Shark Conservation In The Gulf Of California
By International Community Foundation
When you think about scuba diving in the beautiful waters of the Gulf of California, you imagine swimming alongside an abundance of marine life: adorable sea turtles, colorful parrot fish, playful sea lions, and you hope you get the chance to see a shark.
The shark populations in the GOC have declined in the last 30 years due to heavy exploitation by fisheries. The absence of sharks is a clear sign of an unstable and unsustainable ecosystem. Thankfully, the Gulf has many non-profit organizations working diligently to protect its biodiversity. One of those incredible organizations is Pelagios Kakunjá. They have been crucial in the protection and conservation of sharks in the GOC and beyond. Pelagios focuses on the research of shark species in order to generate information for regional management and the implementation of conservation strategies.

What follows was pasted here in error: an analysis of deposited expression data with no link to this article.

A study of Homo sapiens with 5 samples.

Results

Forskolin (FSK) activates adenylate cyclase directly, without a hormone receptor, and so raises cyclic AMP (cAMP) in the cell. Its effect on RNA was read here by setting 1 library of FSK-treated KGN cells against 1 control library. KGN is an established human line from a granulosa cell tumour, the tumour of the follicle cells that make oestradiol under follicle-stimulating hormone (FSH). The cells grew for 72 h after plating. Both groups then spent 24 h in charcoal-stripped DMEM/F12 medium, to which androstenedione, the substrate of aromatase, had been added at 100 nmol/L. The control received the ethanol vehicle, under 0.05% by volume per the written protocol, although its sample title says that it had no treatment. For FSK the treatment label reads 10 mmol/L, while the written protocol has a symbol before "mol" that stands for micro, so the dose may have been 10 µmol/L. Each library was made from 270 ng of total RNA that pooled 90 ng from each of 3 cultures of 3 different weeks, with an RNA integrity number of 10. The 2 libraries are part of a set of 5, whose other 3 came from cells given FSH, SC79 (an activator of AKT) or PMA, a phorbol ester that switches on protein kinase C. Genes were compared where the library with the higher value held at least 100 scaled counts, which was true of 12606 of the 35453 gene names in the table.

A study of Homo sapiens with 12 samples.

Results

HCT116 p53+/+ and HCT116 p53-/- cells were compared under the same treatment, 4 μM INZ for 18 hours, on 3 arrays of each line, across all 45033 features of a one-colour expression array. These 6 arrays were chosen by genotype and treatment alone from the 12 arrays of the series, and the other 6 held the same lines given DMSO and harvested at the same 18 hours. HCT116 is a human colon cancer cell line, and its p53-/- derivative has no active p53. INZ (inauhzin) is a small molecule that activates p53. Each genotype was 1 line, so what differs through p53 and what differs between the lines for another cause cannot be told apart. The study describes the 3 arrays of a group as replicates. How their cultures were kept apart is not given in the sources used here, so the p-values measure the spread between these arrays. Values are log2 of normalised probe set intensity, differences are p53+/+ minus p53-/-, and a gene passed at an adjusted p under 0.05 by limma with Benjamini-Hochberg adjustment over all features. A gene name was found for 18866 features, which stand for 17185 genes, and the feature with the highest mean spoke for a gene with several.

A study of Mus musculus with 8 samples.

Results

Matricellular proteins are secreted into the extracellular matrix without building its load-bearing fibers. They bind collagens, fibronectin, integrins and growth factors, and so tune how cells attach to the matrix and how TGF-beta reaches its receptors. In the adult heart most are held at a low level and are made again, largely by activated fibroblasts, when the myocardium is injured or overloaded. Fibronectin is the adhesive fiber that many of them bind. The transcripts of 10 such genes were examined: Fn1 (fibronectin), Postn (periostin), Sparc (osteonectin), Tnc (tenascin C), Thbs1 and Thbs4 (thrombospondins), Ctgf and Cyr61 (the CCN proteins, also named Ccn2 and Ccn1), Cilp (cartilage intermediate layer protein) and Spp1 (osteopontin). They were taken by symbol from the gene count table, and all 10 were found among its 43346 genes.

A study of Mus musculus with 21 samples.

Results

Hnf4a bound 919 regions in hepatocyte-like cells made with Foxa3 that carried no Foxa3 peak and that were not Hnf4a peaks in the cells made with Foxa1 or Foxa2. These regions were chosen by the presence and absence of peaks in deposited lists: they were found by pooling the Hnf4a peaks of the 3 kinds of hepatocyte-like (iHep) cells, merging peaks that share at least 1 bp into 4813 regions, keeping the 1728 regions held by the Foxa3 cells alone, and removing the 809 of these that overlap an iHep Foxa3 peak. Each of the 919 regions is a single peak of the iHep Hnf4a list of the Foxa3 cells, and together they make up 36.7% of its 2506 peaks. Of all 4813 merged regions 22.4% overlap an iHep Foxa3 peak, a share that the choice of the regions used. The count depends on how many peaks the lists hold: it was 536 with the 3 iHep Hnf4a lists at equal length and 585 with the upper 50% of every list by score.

Most recently, their technical information was instrumental for the creation of the Revillagigedo National Park (approximately 240 miles southwest of Cabo San Lucas).
Pelagios Kakunja has been key to establishing no-take zones for the effective protection of sharks. Consider donating to Pelagios Kakunja so they can continue collecting the necessary data to create new marine reserves and expand existing ones in the Gulf of California.
If you would like to know more about the work being done by Pelagios Kakunja and how you can support them please contact Angelica Leyva- firstname.lastname@example.org.